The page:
Walking for change
The Dalit padayatra in Gujarat holds hope for the future. It is a step forward in changing the oppression of centuries, writes MARI MARCEL THEKAEKARA.
Following in Ambedkar's footsteps ... campaigning for Dalit rights.
AFTER a long time, an upbeat piece of news from Gujarat. On the eve of Republic Day, this year dalits from 40-odd talukas of Gujarat gathered to start a concerted fight against untouchability. January 25 is martyrs' day for Gujarati dalits in honour four of young men slain at Golana, 80 kilometres from Ahmedabad, 17 years ago by feudal Rajput landlords because they had begun fighting for their peoples' basic rights. The issues at stake were as basic as minimum wages, and refusing to accept the insults, humiliation and atrocities, which their parent's generation accepted.
This year, however, it was more than just memories and sadness. Golana witnessed the solidarity and a show of strength by dalits and their supporters from all over Gujarat, and from the farthest corners of India. They walked in the blazing noonday sun with a new purposeful stride. To eliminate untouchability from within. The message of the dalit padayatra was simple, yet moving.
The Navsarjan trust, the organising group has worked in Gujarat for over 20 years. Martin Macwan, its founder director and recipient of the prestigious Robert Kennedy award, reflected that despite the human rights work over two decades, no village was free from the scourge of untouchability even after Independence.
Macwan decided that people needed to change from within. "We can't change others' attitudes. But we can change ourselves. So we've gone from village to village telling people. Don't accept untouchability. And don't practice it on others. Don't accept leftovers and unwanted food. Don't drink tea given to you as though you are lesser humans. Keep your own dignity. But also don't practice untouchability towards castes considered lower than you.
The slogan of the anti-untouchability campaign is "Rampatar Chhodo, Bhimpatra Apnavo" roughly translated "Reject Rampatar, Accept Bhimpatar". Ironically, though typically, religion has been subverted. In Gujarat, local hospitality demands that guests are offered water and tea almost as soon as they arrive. Rampatar, (The vessel of Ram) is a dirty, often cracked, chipped saucer or small dirty earthen pot "reserved" for dalits. Also, dalits of higher sub-castes do the same with lower sub-castes.
At rally after rally, Macwan repeats, "Nobody can claim dalithood just by being born to a particular caste. Changing one's religion cannot erase the social stigma of being a dalit. Dalits converting to Buddhism, Sikhism, Christianity or Islam have found that simple seeming short cuts don't help in achieving equality. As caste based discrimination is man-made, the solution also lies in the hands of humans. More laws are of no use, if people and individuals are not willing to shed their own demeaning beliefs."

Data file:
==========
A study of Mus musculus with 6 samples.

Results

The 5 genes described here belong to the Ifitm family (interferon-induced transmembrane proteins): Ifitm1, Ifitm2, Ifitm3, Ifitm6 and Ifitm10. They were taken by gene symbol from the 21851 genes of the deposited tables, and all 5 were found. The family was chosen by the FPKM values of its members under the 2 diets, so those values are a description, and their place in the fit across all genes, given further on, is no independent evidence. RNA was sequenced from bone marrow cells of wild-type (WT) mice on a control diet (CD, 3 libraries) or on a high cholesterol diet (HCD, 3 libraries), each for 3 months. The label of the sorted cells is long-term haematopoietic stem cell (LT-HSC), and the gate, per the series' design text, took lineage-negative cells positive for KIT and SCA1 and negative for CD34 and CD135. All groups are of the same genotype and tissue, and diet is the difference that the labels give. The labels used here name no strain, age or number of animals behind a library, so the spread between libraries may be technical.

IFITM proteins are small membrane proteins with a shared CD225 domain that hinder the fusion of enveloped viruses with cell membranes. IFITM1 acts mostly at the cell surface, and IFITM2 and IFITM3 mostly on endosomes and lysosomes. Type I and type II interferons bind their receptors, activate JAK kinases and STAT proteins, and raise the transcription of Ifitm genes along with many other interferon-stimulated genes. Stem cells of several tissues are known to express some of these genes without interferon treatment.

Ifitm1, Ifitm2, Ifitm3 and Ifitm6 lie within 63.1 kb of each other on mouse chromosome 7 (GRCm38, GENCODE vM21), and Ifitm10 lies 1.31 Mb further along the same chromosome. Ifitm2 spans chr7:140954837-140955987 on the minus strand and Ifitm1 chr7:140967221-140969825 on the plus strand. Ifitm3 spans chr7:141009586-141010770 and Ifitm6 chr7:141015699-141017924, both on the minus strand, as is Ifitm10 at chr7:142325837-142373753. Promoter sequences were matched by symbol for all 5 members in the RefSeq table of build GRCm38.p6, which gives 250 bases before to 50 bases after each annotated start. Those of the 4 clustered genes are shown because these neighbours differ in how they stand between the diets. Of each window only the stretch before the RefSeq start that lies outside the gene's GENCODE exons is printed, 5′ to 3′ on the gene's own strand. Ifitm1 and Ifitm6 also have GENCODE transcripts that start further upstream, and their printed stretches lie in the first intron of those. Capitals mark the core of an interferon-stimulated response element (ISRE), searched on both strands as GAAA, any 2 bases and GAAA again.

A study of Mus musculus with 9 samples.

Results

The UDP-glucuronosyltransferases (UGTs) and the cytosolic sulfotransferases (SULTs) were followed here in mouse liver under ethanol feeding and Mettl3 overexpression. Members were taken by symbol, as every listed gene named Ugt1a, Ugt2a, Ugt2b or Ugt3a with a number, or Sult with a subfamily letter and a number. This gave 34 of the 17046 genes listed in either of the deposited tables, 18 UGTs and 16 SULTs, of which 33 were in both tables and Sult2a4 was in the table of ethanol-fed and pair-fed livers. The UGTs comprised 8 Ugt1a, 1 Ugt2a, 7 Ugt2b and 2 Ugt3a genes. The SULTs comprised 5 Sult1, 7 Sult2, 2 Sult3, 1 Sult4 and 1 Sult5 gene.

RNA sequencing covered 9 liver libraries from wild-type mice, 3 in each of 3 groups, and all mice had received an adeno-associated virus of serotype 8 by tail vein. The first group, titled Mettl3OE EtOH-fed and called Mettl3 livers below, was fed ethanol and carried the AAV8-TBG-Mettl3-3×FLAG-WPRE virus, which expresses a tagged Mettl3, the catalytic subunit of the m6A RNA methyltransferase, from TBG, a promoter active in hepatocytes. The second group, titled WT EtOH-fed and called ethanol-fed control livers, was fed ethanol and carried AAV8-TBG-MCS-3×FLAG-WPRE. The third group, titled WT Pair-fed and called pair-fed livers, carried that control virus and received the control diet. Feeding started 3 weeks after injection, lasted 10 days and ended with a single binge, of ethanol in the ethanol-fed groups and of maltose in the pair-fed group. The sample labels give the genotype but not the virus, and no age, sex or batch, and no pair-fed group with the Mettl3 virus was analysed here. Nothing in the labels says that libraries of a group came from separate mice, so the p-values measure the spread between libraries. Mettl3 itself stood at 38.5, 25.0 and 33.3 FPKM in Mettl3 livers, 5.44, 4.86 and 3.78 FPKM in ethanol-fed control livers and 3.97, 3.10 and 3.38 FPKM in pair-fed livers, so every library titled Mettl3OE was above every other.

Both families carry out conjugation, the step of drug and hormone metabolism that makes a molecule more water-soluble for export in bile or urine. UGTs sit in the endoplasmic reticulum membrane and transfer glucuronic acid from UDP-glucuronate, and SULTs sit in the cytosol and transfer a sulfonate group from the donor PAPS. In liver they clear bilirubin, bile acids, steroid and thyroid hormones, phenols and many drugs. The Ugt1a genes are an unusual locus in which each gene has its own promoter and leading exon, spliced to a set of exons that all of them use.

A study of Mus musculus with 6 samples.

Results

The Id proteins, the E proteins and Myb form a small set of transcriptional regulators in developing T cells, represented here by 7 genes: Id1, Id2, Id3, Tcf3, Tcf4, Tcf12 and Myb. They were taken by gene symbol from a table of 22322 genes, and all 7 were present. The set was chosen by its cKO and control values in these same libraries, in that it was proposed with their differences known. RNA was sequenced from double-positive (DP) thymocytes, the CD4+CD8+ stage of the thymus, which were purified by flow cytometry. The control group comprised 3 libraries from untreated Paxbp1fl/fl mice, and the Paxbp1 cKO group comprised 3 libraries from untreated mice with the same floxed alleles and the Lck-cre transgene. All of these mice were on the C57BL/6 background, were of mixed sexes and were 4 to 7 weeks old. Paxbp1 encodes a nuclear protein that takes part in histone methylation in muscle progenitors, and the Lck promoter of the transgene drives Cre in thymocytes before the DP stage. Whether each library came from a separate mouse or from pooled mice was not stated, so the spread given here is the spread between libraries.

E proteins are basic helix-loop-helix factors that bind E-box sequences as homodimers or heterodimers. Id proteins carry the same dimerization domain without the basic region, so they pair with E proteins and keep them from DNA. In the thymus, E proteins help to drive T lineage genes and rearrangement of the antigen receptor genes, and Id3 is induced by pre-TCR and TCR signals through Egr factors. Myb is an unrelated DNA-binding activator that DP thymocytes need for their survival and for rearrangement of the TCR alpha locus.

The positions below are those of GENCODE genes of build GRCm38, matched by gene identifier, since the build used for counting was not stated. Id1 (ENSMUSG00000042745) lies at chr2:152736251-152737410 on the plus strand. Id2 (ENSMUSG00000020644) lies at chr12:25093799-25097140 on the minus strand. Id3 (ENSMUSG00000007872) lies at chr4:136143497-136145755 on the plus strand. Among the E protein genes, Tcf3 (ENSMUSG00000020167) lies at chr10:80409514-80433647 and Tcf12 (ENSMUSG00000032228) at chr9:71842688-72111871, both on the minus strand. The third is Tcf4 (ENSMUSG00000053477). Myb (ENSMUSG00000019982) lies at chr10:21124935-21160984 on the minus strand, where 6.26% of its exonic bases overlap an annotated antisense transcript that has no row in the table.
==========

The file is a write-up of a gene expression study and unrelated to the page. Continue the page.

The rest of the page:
In keeping with the "Help yourself, change things ourselves" motto, Navsarjan's future plans include starting schools for dalit children. The first school is scheduled to start next year. Macwan asked for contributions of Rs. 11 per month from each family for the education of Dalit children. "Everyone can afford this, it's just one day's liquor and beedi expenses," Macwan pointed out. "If a Baarmu (the 12th day ceremony when a relative dies) is observed without huge dinners and religious ceremonies, the money saved can be used to educate around 300 children." And the money poured in. Old women handed over notes knotted into the ends of saris. Children came forward; shy but proud, to contribute their mite. Definitely not millions of rupees, but it did matter. For the first time, it was not charity or government grants. It was their hard earmed money. And it made people grow in self-esteem and stature, perceptibly.
With raised hands, and solemn voices, people promised support for the campaign as they repeated the pledge. People danced and sang "Bhim Dayaro'' (the songs of Bhim, i.e. Dr. Ambedkar), while enrolment for the cause went on.
As the movement spread from village to village, there was a feeling of hope, of optimism and of something powerful for the future. The task ahead is not easy. After the euphoria of the padayatra, people will have to go back to their villages and face the same hardships, humiliation and atrocities. But it's a step forward in changing the oppression of centuries.
And for the children who sat there absorbing every word of the powerful speeches, the memories will sustain them. They dream for the first time not of brooms and buckets but of books and knowledge. They've been told it is their right. And nothing and no one can take that away from them. The padayatra continues.